TWO RIVERS, Wis. -- The history of summer's universal treat has gotten a bit sticky, rousing unlikely passions in this humble getaway along the Lake Michigan coast. Politicians are penning ornery fight songs. History buffs and ice-cream shop matrons have stooped to saber rattling, albeit with spoons.
Folks here devoutly believe the first-ever ice-cream sundae was scooped in 1881 by Edward C. Berner, downtown soda fountain owner and, curiously enough, inventor of the glue pen. But tourism gurus in Ithaca, N.Y., recently began an aggressive campaign claiming the sundae was an upstate New York creation, the work of one Chester Platt in 1892.
If they think they invented it, fine," said Delores Carron, 86, a dignified yet defiant Two Rivers sundae maker. "But I know we did."
Bruce Stoff of Ithaca's conventions and visitors bureau countered: "I got a phone call from a guy in Southern California who's a World War II veteran and he said he's ready to re-enlist and come home to fight the good fight against Two Rivers. We don't plan to surrender."
The timing of what will surely become known as the Great Ice-Cream Sundae War of 2006 is impeccable. Sunday is National Ice Cream Day, created in 1984--pre-obesity epidemic--by President Ronald Reagan to recognize the impact frozen dairy has had on the lives of sweet-toothed Americans. Indeed, the International Ice Cream Association says nearly 10 percent of the milk produced by U.S. dairy farmers is used to make ice cream, and the industry pulls in some $20 billion a year.
So it's understandable that Two Rivers and Ithaca each want a piece of the ice-cream pie. This inter-city grappling, however, has brought new meaning to the term "cold war."
The Two Rivers City Council signed a resolution last month condemning Ithaca's "revisionist history" and ordering it to "cease and desist" all promotional activity regarding the sundae. Ithaca's mayor fired back with a taunting proclamation telling the Wisconsinites: "you got nothin', baby."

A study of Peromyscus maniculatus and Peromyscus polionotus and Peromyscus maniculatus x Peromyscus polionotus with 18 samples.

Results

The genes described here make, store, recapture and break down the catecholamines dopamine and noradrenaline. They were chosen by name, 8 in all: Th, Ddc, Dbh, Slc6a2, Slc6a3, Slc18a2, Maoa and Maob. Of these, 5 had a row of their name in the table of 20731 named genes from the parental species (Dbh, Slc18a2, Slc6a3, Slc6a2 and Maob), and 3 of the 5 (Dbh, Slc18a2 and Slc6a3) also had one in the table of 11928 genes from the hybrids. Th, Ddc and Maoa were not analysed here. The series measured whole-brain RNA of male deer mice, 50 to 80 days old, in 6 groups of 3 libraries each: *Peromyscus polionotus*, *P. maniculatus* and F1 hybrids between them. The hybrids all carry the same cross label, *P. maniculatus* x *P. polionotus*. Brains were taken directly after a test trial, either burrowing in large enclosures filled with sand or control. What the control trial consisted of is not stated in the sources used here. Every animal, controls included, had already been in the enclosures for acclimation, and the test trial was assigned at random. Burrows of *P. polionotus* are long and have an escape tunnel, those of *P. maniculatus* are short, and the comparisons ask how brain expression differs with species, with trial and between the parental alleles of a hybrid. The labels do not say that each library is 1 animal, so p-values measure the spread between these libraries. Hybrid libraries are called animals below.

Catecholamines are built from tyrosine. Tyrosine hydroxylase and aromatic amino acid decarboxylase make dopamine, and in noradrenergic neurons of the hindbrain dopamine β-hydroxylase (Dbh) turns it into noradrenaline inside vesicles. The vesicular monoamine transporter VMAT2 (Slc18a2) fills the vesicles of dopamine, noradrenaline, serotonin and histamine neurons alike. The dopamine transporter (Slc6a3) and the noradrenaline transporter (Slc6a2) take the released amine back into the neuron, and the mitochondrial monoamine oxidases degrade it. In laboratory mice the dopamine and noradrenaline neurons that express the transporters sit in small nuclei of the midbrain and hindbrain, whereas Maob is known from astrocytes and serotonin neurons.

Two Rivers City Manager Greg Buckley then wrote a pre-emptive "Sundae Fight Song," which includes the tart lyric: "Topped with chocolate, or with cherries/and with lots of nuts./Try to claim our sundae and/we'll kick your butts!"
Sitting like Switzerland on the border of this conflict is Evanston, which, according to local lore, is also birthplace of the sundae.
In the late 1880s, the devoutly Methodist community--which was definitely the birthplace of prohibition--frowned on serving ice-cream sodas on Sundays, the fizzy water being too titillating. So local parlor owners supposedly replaced soda with syrup and called it a sundae.
But aside from a once-a-year ice-cream sundae social, Evanstonians have all but deserted their dessert.
"We would much prefer to market our fabulous restaurants, our beautiful lakefront and our burgeoning downtown," said Tom Rath, membership and marketing director of the Evanston Chamber of Commerce.
Eden Juron Pearlman of the Evanston Historical Society concurred: "We're not interested in duking it out."
Officials in Two Rivers and Ithaca, on the other hand, are duly engaged.